Imperial College / Technische Universität München, United Kingdom / Germany, firstname.lastname@example.org
Björn W. Schuller received his diploma in 1999, his doctoral degree for his study on Automatic Speech and Emotion Recognition in 2006, and his habilitation (fakultas docendi) and private lectureship (venia legendi) in the subject area of Signal Processing and Machine Intelligence in 2012 all in electrical engineering and information technology from TUM (Munich University of Technology) in Munich/Germany.
At present, he is a Senior Lecturer in Imperial College London’s Department of Computing’s Machine Learning Group in London/UK (since 2013) and a tenured faculty member heading the Machine Intelligence and Signal Processing (MISP) Group at TUM’s Institute for Human-Machine Communication since 2006 as well as CEO of audEERING UG (limited). Since 2013 he is also a permanent Visiting Professor in the School of Computer Science and Technology at the Harbin Institute of Technology, Harbin/P.R. China. In 2013 he was also heading the Institute for Sensor Systems as full professor at the University of Passau in Passau/Germany and a Visiting Professor at the Université de Genève in Geneva/Switzerland in the Centre Interfacultaire en Sciences Affectives and remains an appointed associate of the institute. In 2012 he was with JOANNEUM RESEARCH, Institute for Information and Communication Technologies in Graz/Austria – currently he is an expert consultant of the institute. From 2009 to 2010 he lived in Paris/France and was with the CNRS-LIMSI Spoken Language Processing Group in Orsay/France dealing with affective and social signals in speech. Best known are his works advancing audio/visual Affective Computing.
Dr. Schuller is president of the Association for the Advancement of Affective Computing (AAAC, former HUMAINE Association), Honorary Fellow and member of the TUM Institute for Advanced Study (IAS), elected member of the IEEE Speech and Language Processing Technical Committee, and member of the ACM, IEEE and ISCA and (co-)authored 5 books and more than 350 publications in peer reviewed books (>20), journals (>50), and conference proceedings in the field leading to 5500 citations (h-index = 38). He was co-founding member and secretary of the steering committee and guest editor, and still serves as associate editor of the IEEE Transactions on Affective Computing, associate and repeated guest editor for the Computer Speech and Language, associate editor for the IEEE Signal Processing Letters, IEEE Transactions on Cybernetics and the IEEE Transactions on Neural Networks and Learning Systems, and guest editor for the IEEE Intelligent Systems Magazine, Neural Networks, Speech Communication, Image and Vision Computing, Cognitive Computation, and the EURASIP Journal on Advances in Signal Processing, co-general chair of ACM ICMI 2014, and as workshop and challenge organizer including the first of their kind INTERSPEECH 2009 – 2014 Computational Paralinguistics Challenges and the 2011 – 2013 Audio/Visual Emotion Challenge and Workshop and program chair of the ACM ICMI 2013, IEEE SocialCom 2012, and ACII 2011, and program committee member of more than 100 international workshops and conferences. He is recipient of an ERC Starting Grant 2013 (9% acceptance rate) for the iHEARu project dealing with Intelligent systems’ Holistic Evolving Analysis of Real-life Universal speaker characteristics. Further steering and involvement in current and past research projects includes the European Community funded ASC-Inclusion STREP project as coordinator and the awarded SEMAINE project, and projects funded by the German Research Foundation (DFG) and companies such as BMW, Continental, Daimler, HUAWEI, Siemens, Toyota, and VDO. Advisory board activities comprise his membership as invited expert in the W3C Emotion Incubator and Emotion Markup Language Incubator Groups.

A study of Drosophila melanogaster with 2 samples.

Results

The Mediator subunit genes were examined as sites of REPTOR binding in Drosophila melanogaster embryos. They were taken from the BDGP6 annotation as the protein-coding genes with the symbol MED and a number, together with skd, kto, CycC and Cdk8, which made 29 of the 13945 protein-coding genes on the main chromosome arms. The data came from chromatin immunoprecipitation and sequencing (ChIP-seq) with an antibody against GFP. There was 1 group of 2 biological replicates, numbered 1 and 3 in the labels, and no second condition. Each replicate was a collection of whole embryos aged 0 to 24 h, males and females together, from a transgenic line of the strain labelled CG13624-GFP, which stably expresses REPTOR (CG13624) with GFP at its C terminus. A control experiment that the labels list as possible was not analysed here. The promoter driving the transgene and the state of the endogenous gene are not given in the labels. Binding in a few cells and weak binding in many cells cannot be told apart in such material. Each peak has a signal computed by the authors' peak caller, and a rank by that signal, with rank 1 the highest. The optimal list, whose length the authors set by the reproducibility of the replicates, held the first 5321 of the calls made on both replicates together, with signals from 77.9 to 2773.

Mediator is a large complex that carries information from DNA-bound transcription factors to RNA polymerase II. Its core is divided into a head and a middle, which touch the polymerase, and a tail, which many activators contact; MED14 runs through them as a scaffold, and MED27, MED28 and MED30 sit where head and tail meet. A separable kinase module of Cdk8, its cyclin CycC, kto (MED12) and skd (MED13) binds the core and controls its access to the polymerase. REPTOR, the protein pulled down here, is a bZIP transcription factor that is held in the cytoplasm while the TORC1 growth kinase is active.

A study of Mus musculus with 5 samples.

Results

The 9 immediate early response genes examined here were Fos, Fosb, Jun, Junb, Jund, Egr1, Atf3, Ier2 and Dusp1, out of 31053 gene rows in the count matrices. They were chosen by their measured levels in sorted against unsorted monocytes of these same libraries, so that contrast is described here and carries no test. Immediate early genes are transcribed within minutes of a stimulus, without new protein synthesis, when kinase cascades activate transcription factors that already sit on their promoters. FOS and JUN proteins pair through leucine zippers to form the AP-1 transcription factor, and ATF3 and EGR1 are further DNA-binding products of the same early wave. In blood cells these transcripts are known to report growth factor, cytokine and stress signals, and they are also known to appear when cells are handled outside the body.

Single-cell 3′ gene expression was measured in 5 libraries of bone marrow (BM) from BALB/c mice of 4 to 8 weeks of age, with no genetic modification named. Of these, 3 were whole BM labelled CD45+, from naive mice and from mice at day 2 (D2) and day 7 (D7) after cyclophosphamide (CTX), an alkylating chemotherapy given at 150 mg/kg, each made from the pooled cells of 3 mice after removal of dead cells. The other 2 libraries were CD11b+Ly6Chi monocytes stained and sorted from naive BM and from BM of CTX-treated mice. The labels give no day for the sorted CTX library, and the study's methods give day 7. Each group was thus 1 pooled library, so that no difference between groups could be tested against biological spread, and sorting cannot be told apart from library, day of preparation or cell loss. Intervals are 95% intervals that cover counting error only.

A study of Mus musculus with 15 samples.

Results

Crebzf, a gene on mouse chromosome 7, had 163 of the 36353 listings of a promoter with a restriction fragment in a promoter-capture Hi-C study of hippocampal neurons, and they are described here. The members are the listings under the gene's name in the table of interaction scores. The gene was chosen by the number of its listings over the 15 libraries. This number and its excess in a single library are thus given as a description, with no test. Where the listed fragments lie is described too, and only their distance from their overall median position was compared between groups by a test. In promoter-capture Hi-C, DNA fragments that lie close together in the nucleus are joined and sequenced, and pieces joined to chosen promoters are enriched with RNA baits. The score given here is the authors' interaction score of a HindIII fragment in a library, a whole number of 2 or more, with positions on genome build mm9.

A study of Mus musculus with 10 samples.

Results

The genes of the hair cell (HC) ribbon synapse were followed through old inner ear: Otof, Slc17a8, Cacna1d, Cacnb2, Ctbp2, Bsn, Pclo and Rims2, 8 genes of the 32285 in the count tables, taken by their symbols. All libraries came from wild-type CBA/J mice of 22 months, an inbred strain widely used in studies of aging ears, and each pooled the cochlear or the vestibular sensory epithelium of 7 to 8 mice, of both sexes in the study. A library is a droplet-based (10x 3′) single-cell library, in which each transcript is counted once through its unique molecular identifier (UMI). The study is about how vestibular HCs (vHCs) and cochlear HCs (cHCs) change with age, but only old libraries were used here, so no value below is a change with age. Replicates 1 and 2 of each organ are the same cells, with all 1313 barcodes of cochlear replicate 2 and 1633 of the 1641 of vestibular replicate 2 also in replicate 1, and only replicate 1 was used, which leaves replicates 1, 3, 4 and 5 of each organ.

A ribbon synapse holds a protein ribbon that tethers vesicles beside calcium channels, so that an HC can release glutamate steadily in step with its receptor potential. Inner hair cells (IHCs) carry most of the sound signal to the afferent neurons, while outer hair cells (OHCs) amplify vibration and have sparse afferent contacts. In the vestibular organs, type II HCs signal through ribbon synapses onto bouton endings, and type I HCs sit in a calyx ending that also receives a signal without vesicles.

Digital Games to Change Players’ Behaviour: Intelligent Yet?
Au courant digital games are progressively more used for “serious” playing with an intended training effect on one’s behaviour in special situations on mind. Recent examples include playful teaching of children on the autism spectrum about emotion and social behaviour, virtual accommodation of recently immigrated individuals in their new homes or preparing of adolescents for their first job interviews. Any such game comes with the requirement of snowballing amounts of computational intelligence, e.g., to analyse player behaviour or to monitor and adjust the learning progress to ensure good success and maintain the motivation. In this light this talk aims to give an overview on the “state of play” in such intelligent serious digital games focussing on the domain of player’s empowerment and inclusion. Guided by examples, it will show currently used intelligence approaches for behaviour Analysis in digital games and their interplay in the gaming platform. This will lead to a discussion on the implications coming with such increased machine learning demands resulting in ever more complex gaming environments. In this context, recent approaches of weakly supervised learning will be highlighted to best cope with according data requirements. Then, a contrasting debate will be centred around the question if today’s games’ intelligence is already sufficient to model the often very challenging use-cases. Faute de mieux, this comprises a holistic complex systems engineering perspective. Further, ethical implications will be elaborated upon. En route for the next generation of such games, the conclusion will feature potential avenues to reach improved generalisation ability of the players in their real life.